Christopher Colford's picture

Jump-starting job growth through new approaches to Industrial Policy was the topic of the final public event convened by Justin Lin in his role as the Chief Economist of the World Bank, assembling a distinguished group of policymakers and policy-watchers – including one of his predecessors as Chief Economist: Nobel Prize-winner Joseph E. Stiglitz of Columbia University. The wide-ranging roundtable and forum, co-chaired by Lin and Stiglitz, brought Industrial Policy to the fore of the International Economic Association (IEA) agenda.

According to Stiglitz, Industrial Policy is not about picking winners. (Credit: Greg Molyneux, Flickr Creative Commons)

“From history, we know that all the successful countries . . . all benefited from government’s active participation” in economic development, Lin emphasized. Government has an indispensable role, he said, in helping facilitate the development of industries that can drive “continuous structural changes through technological innovation” through active Industrial Policy – thus leading to the kind of industrial upgrading and diversification that sustains long-term growth.

“Industrial Policy”: Now there’s a phrase that you seldom hear nowadays – at least in the mainstream Washington debate. The concept of Industrial Policy – which calls for calibrated policy interventions to promote growth in specific sectors – has been downplayed for far too long in American economic policy. That has needlessly narrowed the country’s range of policy options – even though country-by-country variations on Industrial Policy have succeeded in focusing many nations on their most promising economic priorities.

The recent IEA roundtable and forum were a logical follow-on to Stiglitz’s September 2011 Development Economics lecture, chaired by Lin, in which he underscored government’s positive role:

 “The key to Industrial Policy is thinking about ‘market failures.’. . . It’s not about ‘picking winners’: It’s [about] trying to figure out why markets may not work. . . . The fact is that almost all successful innovation has involved a large role for government,” said Stiglitz.

“Think about the Internet: The U.S. government and other governments played a critical role in creating the Internet. The biotech sector, you know: Government [with the] decoding of the human genome,” said Stiglitz. “I could go down the list. Back in the 19th Century: I mentioned agriculture – the agricultural extension services – again, government played a critical role. The telephone? The first telegraph lines were set up by the U.S. government.

“So there’s been a long history,” said Stiglitz. “And it’s not really ‘picking winners.’ You don’t want to ‘pick losers,’ of course. But it’s really identifying sectors where the government can have a catalytic role and address a whole set of ‘market failures.’ And there’s really a credible record of governments in doing that. . . . The fact is that Industrial Policy can [have] and has had a very important role – in all countries, and it’s even more so in developing countries, in emerging markets.”

Even the formidable intellectual firepower of Lin and Stiglitz, however, must still contend with an unreconstructed remnant of free-market dogmatists who dwell in some libertarian echo chambers of Washington and Wall Street. The idea of any active government role in the economy, however pragmatic it may be, remains anathema to the laissez-faire absolutists who helped propel the global economy toward the abyss. Before the Crash of 2008, their opposition had been so vehement, Stiglitz told the IEA roundtable, that the very term Industrial Policy “was a word that had a bad odor, including within these walls [of the Bank], not that long ago.”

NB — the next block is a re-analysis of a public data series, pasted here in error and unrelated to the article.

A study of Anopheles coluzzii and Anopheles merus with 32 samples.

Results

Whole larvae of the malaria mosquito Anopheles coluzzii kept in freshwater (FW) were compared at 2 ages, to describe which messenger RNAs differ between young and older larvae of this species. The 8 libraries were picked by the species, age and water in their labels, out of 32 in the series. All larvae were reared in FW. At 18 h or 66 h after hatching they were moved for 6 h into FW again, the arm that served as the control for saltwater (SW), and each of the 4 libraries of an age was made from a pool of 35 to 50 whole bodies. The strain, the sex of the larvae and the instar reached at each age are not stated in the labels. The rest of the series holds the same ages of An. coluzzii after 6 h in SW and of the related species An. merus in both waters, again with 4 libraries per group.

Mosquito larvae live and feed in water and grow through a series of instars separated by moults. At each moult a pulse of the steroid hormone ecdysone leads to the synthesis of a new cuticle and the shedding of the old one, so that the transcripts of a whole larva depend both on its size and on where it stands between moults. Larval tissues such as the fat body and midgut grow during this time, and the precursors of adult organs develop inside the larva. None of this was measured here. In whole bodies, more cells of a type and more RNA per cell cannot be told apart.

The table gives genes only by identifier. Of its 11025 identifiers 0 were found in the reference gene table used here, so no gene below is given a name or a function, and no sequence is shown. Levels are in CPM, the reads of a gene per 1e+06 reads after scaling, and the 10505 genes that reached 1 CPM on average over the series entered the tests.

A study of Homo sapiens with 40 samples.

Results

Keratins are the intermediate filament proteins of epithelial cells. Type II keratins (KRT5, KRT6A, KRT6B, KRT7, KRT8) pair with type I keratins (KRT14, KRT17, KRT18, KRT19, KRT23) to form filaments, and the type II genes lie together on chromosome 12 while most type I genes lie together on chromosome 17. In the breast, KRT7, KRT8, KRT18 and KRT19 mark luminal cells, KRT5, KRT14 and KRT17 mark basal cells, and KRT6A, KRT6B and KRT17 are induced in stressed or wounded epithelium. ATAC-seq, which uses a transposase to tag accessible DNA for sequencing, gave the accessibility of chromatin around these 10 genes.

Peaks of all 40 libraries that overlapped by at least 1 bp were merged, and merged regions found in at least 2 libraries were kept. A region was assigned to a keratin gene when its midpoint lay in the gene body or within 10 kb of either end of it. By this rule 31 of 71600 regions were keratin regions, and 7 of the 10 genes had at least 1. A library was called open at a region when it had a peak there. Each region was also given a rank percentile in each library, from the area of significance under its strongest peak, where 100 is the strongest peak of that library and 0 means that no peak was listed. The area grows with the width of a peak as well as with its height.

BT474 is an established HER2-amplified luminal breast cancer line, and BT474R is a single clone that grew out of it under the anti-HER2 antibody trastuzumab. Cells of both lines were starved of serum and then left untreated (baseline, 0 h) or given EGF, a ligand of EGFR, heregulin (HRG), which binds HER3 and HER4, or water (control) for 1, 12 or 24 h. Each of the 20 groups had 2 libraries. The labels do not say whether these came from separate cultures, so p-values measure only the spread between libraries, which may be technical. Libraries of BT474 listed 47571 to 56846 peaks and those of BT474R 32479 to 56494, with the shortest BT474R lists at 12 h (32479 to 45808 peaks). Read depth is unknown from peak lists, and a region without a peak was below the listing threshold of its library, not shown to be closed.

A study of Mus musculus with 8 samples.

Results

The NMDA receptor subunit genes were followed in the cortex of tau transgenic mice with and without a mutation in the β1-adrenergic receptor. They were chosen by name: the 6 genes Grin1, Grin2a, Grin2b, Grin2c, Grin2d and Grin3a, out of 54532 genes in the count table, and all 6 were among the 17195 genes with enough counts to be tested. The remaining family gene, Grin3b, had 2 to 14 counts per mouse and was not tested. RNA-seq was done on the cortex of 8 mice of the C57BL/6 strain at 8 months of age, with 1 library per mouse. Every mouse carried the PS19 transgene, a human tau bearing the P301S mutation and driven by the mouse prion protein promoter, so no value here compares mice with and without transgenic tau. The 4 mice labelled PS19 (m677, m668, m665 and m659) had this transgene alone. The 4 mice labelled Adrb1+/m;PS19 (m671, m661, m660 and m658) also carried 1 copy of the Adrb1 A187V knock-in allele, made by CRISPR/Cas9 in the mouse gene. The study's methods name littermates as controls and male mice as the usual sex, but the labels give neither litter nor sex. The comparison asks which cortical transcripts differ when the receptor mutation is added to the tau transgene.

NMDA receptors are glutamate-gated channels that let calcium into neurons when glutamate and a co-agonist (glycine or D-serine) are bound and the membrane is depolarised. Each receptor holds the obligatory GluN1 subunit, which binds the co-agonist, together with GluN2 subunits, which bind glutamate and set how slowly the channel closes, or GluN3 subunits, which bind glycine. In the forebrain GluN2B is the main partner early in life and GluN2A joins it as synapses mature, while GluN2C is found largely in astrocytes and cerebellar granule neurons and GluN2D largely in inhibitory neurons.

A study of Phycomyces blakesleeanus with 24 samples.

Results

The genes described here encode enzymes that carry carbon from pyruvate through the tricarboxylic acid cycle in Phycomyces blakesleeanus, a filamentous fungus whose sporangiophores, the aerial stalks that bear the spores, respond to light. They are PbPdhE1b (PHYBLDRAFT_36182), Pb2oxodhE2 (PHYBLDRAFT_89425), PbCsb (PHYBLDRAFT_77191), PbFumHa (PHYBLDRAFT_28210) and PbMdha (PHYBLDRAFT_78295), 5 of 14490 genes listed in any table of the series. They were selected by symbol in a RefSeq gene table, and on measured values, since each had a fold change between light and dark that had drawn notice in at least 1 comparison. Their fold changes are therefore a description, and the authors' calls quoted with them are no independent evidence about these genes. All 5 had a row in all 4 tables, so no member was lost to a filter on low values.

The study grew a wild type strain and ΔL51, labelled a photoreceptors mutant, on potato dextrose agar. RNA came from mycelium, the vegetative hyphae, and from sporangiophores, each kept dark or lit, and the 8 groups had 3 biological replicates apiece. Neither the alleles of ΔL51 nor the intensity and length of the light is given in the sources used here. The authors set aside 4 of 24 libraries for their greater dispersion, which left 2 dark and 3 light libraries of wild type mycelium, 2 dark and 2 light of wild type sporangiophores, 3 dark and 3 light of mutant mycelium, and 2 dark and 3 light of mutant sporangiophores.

After a generation in thrall to free-market fundamentalism, Washington continues to speak only hesitantly about activist policies – even though its fealty to laissez-faire orthodoxy provoked the greatest crisis of capitalism since the Great Depression. Perhaps Lin’s and Stiglitz’s efforts to rehabilitate Industrial Policy will eventually help Washington loosen its old ideological blinders.

Free-market purists have been chastened now that the Great Recession has removed the intellectual underpinnings of their theories, making this economic juncture “a really important time for rethinking Industrial Policy,” said Stiglitz – with Lin’s works serving as “landmarks in shifting the intellectual debate on these issues.”

Lin departed from the Chief Economist’s post on June 1 to return to teaching at Peking University, but he will be remembered at the Bank, along with Stiglitz, for his contributions to reviving the debate over Industrial Policy.
Lin saw the IEA forum as “an opportunity to plant seeds” so that his successors can “re-open the discussion of Industrial Policy in the coming years.” Lin’s books, journal articles, policy whitepapers and speeches have laid a strong foundation for continuing to refine Industrial Policy.

It will never be easy to tailor precise policy responses to countries’ different development conditions – and many questions about variations in Industrial Policy surely remain to be answered. Yet with laissez-faire passivity now thoroughly discredited, many policymakers are eager to fine-tune policies to spur the economies of each country, region or metropolitan area.

Thursday’s blog post will explore the World Bank’s new variation on Industrial Policy – the modernized, market-focused “Competitive Industries” approach. For those seeking flexible, market-driven growth strategies – responding to marketplace signals yet avoiding the scatter-shot fatalism of laissez-faire – Competitive Industries is an eye-opening new way to promote economic development.